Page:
Skip Navigation LinksVictorian Deaf Education Institute > News and Events > Rachel O’Neill – Exploring the factors which lead to academic success for deaf students – 9 August 2012
racheloneil-aug2012.pngRachel O’Neill, Lecturer in Deaf Education from the University of Edinburgh presented to a full house at the VDEI Learning Centre in Melbourne on Thursday 9 August 2012.  The title of her two hour presentation was ‘Exploring the factors which lead to academic success for deaf students’. 
Rachel O’Neill worked as a teacher in secondary, further and community education for 25 years before moving to the University of Edinburgh in 2006.  Rachel trained as a teacher of deaf children and an EAL tutor and used both approaches in her work in colleges with deaf students.  At Edinburgh Rachel’s main focus is researching deaf education and training teachers with deaf children.  Rachel works for the Scottish Sensory Centre for half a day a week.  This involves working with a wide range of teachers, professionals, parents and d/Deaf people on policy issues about deaf education.  Rachel’s principle interests are: deaf young people’s transitions to college, work and higher education; language modification as an access strategy; language policy and British Sign Language in education; BSL glossaries and definitions for curriculum subjects; and literacy and deaf learners. 
Rachel’s research, funded by the Nuffield Foundation, followed up a previous project at Moray House School of Education called the Achievement of Deaf Pupils in Scotland (ADPS) which ran between 2000 and 2005. Co-researchers are Julie Arendt and Professor Marc Marschark. 
The initial project collected data from teachers of deaf children in Scotland about the 2,086 pupils they visited.  So the range of hearing loss considered is much wider than in other comparable studies. The ADPS database is large and relatively unexplored.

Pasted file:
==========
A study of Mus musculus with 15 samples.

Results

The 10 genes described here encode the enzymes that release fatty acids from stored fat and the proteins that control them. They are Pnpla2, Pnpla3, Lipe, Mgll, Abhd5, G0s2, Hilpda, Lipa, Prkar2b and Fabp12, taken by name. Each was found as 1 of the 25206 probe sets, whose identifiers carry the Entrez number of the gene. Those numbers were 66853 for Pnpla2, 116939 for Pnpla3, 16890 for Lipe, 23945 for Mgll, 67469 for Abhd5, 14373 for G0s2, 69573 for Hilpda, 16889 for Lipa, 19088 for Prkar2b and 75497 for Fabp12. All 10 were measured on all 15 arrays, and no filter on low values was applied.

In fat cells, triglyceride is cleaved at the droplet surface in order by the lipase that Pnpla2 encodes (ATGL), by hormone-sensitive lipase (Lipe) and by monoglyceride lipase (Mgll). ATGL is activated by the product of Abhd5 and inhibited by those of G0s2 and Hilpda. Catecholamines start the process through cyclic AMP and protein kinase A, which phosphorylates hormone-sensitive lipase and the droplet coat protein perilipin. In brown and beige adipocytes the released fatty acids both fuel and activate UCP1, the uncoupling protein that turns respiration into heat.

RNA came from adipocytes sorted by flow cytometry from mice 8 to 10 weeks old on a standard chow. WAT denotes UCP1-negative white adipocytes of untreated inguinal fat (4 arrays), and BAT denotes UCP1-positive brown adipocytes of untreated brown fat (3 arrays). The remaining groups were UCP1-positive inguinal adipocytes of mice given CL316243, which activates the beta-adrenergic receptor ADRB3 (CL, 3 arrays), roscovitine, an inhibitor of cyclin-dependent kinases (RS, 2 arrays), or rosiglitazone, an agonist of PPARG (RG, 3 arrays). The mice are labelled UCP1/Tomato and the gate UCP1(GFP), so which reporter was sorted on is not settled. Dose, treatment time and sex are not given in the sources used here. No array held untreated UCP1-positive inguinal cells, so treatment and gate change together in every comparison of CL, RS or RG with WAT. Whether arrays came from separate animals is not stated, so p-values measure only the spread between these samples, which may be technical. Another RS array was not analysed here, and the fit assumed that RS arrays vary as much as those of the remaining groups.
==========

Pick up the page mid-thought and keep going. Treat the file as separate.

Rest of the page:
The follow-up project aimed to contact as many as possible of the young deaf adults who have now left school to ask them about their experiences looking back at school, their further and higher education and transition to work. 
In addition the researchers contacted as many of the parents as possible of the deaf children still at school. The research team had data-sharing agreements with SQA, the Scottish exam board, and the Scottish Government statistics department which allowed them to track the academic achievement of 540 deaf pupils who have now left school.
The study has two unique features which makes the findings interesting: it analyses the experiences of 53 children who have been implanted at a much younger age and the academic outcomes of having a mild hearing loss can be studied in much more detail than before (144 pupils from the 540).
They found that the mean tariff score at age 16 was 137 for deaf pupils compared to a mean score of 175 for all Scottish pupils. Further analysis showed that there was a correlation between the tariff score with socio-economic status and with degree of hearing loss. Analyses of levels of support over the ADPS project period are compared with outcomes. Results suggest that services for deaf children often use audiological labels to allocate levels of support, and as a consequence moderately deaf children and some mildly deaf children receive less support than they need to succeed in the education system. At a time of cutbacks in school support services, this is an important finding.